There’s no magic number for the length of the hardware refresh cycle that works for everyone, but the set of variables that together determine the ideal time to replace a server is fairly uniform across the board. Identifying those variables and analyzing their relationship is a question Amir Michael and his team at Coolan, a data center hardware operations startup, recently asked.
Everything that has to do with managing and designing data center infrastructure cost-efficiently has occupied Michael for many years now. After five years as a hardware engineer at Google, he spent four years working on hardware and data center engineering teams at Facebook. While at Facebook he co-founded the Open Compute Project, the open source hardware and data center design initiative.
He and two colleagues founded Coolan in 2013 with the idea of using their years of experience with web-scale data center infrastructure to help other types of data center operators run their infrastructure more efficiently and cost-effectively.
In a recent blog post, Michael outlined the basics for calculating the best time to retire a server. Sometimes because of tight budgets and sometimes because it’s hard to predict demand for IT capacity, companies wait too long to replace aging hardware and pay penalties in hidden costs as a result.
Michael heard from one of his customers who said their company had some servers that were more than eight years old. “We’re just keeping it around because it’s there, and it’s an easy thing to do,” goes the typical explanation, Michael said in an interview. “It’s hard to think about all the different factors that go into making this decision.”
There is always a point in time at which holding on to a server becomes more costly than replacing it with a new one. Finding out exactly when that point comes requires a calculation that takes into account all capital and operational expenditures associated with owning and operating that server over time.
According to Michael, the basic factors that should go into the calculation are:
- Cost of servers
- Data center CapEx
- Cost of cluster infrastructure and UPS
- Cost of network equipment
- Cost of data center racks and physical equipment
- Data center OpEx
There are other considerations, such as increased failure rate as hardware ages, that weren’t included in the analysis on purpose.
The full breakdown of how all the factors combine over time to create a clear picture of the total cost of ownership is in Michael’s blog post. Essentially, the idea is that as hardware gets better, you can do more with fewer boxes, but that doesn’t mean replacing those boxes with new ones as soon as the new ones come out will add up to a lower TCO. There is a “magic number” of years at which point CapEx and OpEx intersect in a way that makes it more cost-effective to upgrade, but, as in the scenario he outlined, it’s usually not the first year.
In the hypothetical example Michael used, applying Coolan’s TCO model, total cost of a fleet of storage servers whose capacity totaled 100 PB over a period of six years was close to $8 million higher if they were replaced with newer, more efficient boxes one year later than if the owner held on to them for the entire six years. The gap narrowed to about $3 million with a refresh after two years and disappeared completely if the servers were replaced after three years. In other words, the six-year TCO for the same storage capacity was the same, had the servers been replaced with newer ones after three years or not.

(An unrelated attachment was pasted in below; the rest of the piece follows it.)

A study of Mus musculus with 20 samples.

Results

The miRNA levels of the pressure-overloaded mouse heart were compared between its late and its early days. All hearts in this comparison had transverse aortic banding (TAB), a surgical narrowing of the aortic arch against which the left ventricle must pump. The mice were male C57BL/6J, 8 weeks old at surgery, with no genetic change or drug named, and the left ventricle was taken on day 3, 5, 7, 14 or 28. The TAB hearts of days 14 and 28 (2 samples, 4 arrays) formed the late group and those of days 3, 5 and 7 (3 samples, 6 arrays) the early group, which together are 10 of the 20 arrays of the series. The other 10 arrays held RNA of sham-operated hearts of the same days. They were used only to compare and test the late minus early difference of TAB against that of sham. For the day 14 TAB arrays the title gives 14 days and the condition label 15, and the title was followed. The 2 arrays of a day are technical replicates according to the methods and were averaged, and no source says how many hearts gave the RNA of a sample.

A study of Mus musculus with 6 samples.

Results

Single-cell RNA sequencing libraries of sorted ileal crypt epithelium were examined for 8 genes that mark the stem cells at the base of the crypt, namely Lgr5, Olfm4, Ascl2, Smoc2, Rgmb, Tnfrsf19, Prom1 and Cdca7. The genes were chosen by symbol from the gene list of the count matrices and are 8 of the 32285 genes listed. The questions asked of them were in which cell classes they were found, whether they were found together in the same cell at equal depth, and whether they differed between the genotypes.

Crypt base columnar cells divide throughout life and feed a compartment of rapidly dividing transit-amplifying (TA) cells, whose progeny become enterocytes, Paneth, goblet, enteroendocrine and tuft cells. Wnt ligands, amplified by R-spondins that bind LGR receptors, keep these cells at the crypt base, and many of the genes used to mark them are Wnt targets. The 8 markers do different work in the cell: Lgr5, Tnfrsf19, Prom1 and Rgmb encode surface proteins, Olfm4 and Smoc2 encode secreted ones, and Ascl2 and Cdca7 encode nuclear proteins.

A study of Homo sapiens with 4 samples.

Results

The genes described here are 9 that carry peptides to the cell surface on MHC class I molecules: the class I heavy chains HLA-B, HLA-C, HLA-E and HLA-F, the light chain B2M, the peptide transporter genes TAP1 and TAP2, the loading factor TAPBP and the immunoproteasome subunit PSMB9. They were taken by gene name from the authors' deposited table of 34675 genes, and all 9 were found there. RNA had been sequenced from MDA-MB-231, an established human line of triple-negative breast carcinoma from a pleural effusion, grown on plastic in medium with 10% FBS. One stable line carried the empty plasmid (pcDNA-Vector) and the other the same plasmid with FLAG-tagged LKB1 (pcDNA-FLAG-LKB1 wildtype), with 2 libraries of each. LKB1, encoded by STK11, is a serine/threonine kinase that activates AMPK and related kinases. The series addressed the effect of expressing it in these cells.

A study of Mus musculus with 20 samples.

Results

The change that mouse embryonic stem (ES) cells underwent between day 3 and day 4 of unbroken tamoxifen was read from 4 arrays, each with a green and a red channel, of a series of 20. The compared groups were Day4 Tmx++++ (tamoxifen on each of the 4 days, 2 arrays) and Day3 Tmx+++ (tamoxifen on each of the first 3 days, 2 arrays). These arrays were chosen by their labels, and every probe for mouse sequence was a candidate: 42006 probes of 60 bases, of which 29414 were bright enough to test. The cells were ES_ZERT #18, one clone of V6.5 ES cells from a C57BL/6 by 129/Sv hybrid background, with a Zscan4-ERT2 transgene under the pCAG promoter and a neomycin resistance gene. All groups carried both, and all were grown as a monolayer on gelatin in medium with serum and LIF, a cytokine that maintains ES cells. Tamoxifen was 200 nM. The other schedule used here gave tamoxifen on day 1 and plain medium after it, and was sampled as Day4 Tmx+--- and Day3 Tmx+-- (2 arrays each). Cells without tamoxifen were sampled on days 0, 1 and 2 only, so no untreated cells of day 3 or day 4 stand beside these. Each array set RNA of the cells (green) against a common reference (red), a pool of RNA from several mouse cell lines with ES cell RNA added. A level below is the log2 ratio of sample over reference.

Newer servers are denser, so you need fewer of them, which means you spend less in OpEx. If you keep old servers for too long, your OpEx, while staying at approximately the same level, starts to provide diminishing returns, and it becomes cheaper to replace them than to keep supporting them.
The problem of holding on to servers for too long is bigger if you consider that not only are companies supporting underperforming machines, many have servers in their data center that don’t run any useful workloads. According to some recent research, conducted by TSO Logic, a company that also looks at efficiency and cost of IT operations, together with Stanford University research fellow Jonathan Koomey, about 30 percent of servers deployed worldwide do not do any computing, representing about $30 million worth of idle assets.
Coolan’s TCO model for hardware is available for free on the company’s website (Google Docs spreadsheet). As Michael put it in his blog post, aging infrastructure costs more than many people think, but deciding when is a good time to spend the capital on new hardware doesn’t have to be a guessing game.
“With each new generation of hardware, servers become more powerful and energy efficient,” he wrote. “Over time, the total cost of ownership drops through reduced energy bills, a lower risk of downtime, and improved IT performance.”